The BBB National Programs’ Direct Selling Self-Regulatory Council (DSSRC), in partnership with the Direct Selling Association (DSA) announced the release of the guidance this week. The guidance is billed as the most comprehensive of its sort. It comes at a time of renewed enforcement action against these kinds of companies on the part of the Federal Trade Commission.
Network marketing companies, also known as multi level marketing companies (MLMs) have formed an increasingly large share of dietary supplement distribution channels. Some of the biggest sellers of supplements, including Herbalife, Amway via its Nutrilite division, and Usana pursue this model.
There can be a fine line that separates a legal MLM from one that crosses over into an illegal pyramid scheme. One of the tests FTC applies when making this distinction is whether the commissions paid to distributors are based mostly on actual sales of products to end users and not primarily on signing up new participants in the scheme.
Another focus for FTC in recent years has been on outlandish earnings claims, where MLMs will tout the spectacular success of certain individuals without disclosing that 99% or more of distributors don’t make anything close to that level of income and many earn little to nothing.
Herbalife, Advocare consent decrees
This formed part of the consent decree that Herbalife entered into when it paid a $200 million fine in 2016. The company agreed to certain modifications of its business practices, which included backing off on the earnings claims. These had featured glitzy pictures of Herbalife distributors posing on yachts and cavorting in luxury travel locations. In the wake of the affair the company shares an expectation with new distributors that the average part time seller of its products might aspire to earn as much as $1,700 a month. The company also disclosed that around the time of the consent decree that 88% of the distributors on its roles earned no commissions at all.
FTC takes the matter seriously. In June last year Advocare, another dietary supplement MLM, agreed to pay a $150 million fine and to dismantle its MLM structure in via a settlement that included an allegation of exaggerated earnings claims. In the future Advocare may still sell its products via individual distributors, but those distributors can be compensated solely on the basis their own sales alone, with no residual commissions on the sales made by distributors they may have recruited into the business and no bonuses paid on those recruitments.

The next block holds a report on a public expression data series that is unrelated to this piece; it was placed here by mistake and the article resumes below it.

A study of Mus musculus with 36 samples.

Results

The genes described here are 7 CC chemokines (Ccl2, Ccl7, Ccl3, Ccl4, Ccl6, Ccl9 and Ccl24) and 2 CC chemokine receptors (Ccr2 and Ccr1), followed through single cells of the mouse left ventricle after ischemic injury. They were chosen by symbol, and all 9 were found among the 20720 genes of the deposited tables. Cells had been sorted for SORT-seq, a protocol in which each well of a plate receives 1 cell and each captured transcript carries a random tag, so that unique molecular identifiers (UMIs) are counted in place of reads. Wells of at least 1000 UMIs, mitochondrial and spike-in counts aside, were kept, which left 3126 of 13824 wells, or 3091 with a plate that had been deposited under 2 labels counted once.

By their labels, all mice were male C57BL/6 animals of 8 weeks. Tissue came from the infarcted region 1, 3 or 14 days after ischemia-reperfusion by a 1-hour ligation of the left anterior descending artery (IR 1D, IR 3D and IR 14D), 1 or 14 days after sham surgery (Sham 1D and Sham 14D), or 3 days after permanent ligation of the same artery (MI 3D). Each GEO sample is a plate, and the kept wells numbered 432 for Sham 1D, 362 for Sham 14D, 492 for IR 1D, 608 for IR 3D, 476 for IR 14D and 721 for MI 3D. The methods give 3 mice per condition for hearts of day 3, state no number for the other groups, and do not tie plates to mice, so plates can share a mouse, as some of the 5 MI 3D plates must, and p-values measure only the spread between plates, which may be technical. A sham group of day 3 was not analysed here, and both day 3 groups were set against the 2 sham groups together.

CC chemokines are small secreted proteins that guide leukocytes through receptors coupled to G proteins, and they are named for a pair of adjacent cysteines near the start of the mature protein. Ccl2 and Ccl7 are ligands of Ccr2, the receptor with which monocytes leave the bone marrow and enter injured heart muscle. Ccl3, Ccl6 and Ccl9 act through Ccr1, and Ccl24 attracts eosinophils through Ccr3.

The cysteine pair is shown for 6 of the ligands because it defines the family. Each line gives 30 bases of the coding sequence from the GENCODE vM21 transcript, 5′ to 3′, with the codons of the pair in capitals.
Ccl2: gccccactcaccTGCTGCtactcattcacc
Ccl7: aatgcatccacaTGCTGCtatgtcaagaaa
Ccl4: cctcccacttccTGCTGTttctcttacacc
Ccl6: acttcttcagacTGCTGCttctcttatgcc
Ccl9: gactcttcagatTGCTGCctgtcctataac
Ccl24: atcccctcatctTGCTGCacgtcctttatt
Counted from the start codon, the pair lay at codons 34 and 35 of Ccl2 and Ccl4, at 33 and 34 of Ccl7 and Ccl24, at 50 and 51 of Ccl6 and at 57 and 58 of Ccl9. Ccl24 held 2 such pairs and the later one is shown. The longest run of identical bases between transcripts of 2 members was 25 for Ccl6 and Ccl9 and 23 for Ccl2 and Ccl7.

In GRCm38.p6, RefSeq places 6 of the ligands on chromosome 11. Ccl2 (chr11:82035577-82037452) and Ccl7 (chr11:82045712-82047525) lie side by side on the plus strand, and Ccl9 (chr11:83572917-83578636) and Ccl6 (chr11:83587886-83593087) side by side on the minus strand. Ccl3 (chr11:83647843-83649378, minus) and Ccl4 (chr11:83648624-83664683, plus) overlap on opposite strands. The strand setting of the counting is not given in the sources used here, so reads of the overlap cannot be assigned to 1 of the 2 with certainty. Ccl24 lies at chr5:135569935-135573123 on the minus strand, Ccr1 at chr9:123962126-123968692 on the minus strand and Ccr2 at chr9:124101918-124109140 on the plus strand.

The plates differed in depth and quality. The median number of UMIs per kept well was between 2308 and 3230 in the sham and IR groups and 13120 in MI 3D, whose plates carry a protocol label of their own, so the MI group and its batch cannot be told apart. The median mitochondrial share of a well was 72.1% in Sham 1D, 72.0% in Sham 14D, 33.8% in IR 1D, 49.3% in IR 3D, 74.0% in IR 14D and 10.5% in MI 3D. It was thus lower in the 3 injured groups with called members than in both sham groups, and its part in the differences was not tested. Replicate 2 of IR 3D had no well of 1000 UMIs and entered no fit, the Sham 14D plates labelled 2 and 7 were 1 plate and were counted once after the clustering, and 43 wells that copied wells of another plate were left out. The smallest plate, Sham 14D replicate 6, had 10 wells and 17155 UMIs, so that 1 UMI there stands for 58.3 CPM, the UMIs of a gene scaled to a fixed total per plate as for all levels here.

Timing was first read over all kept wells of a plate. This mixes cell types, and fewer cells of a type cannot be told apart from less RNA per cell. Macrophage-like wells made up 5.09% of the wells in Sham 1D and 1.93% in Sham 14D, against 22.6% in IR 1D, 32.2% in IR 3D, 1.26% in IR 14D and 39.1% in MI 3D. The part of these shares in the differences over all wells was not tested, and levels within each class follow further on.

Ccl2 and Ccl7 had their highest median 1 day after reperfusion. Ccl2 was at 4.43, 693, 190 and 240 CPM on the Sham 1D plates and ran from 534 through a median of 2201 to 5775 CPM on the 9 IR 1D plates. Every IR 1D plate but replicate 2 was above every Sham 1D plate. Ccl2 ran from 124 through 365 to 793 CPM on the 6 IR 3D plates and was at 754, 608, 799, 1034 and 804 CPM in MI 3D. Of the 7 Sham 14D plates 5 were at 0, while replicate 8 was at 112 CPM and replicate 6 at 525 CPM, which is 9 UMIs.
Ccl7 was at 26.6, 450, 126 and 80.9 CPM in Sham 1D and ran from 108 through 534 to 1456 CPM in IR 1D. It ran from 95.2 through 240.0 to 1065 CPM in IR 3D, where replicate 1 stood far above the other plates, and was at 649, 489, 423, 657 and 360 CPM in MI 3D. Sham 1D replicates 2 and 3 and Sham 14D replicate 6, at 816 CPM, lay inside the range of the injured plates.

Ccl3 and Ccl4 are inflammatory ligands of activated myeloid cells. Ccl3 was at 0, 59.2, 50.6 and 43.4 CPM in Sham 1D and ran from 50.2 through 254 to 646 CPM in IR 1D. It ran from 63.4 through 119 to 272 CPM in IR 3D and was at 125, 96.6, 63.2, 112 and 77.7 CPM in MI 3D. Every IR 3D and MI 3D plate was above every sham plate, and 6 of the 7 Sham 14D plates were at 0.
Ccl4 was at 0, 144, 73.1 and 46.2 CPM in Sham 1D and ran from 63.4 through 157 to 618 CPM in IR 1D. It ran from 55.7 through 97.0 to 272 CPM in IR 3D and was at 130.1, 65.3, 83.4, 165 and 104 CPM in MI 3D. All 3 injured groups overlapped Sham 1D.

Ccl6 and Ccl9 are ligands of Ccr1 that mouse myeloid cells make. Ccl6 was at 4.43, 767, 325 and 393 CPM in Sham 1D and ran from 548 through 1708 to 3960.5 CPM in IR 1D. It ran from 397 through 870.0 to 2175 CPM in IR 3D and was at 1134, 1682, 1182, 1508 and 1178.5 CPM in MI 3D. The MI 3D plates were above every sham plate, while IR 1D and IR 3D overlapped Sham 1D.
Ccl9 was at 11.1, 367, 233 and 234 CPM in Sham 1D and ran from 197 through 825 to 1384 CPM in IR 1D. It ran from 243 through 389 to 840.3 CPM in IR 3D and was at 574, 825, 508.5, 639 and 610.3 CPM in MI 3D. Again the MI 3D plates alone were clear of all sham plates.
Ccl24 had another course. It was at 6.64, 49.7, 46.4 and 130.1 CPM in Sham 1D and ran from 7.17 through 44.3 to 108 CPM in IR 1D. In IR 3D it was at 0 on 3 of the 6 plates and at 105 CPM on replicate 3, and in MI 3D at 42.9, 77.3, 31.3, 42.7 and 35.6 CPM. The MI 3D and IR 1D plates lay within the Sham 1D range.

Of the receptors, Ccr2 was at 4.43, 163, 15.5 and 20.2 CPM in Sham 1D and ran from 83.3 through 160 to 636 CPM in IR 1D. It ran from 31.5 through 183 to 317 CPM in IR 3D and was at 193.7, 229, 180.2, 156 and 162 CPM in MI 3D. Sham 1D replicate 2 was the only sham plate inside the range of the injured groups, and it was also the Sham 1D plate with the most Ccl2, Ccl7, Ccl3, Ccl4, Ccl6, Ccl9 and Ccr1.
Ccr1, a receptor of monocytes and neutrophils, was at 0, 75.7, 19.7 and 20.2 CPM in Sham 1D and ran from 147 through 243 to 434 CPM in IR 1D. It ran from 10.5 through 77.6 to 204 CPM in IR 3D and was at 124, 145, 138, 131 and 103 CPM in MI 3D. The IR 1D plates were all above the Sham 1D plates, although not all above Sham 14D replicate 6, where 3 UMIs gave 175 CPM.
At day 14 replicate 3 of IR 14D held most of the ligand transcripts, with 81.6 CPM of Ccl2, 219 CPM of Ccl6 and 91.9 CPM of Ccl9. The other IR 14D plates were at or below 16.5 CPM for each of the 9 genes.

Guidance includes sample social media posts
The new guidance is meant to help other MLMs steer clear of such pitfalls and avoid costly litigation and fines. The new guidance cautions companies from using statements such as “quit your job” or promises that distributors can “be set for life,” or “make more money than you ever have imagined or thought possible.” Earnings claims must be backed by documentation, the guidance asserts. It includes a list of qualifiers for earnings statements, and includes a number of hypothetical social media posts companies can refer to to see what would constitute a compliant claim and what crosses the line.
“This new guidance will complement the obligations that DSA members commit themselves to under the DSA Code of Ethics regarding fair and accurate income claims. This DSSRC guidance provides all direct selling companies and salespeople — even non-DSA members — clear direction as how to best ensure that earnings claims are fair and accurate, and helps individuals make fully informed decisions when considering a direct selling opportunity,” said Joseph Mariano, president of the Direct Selling Association.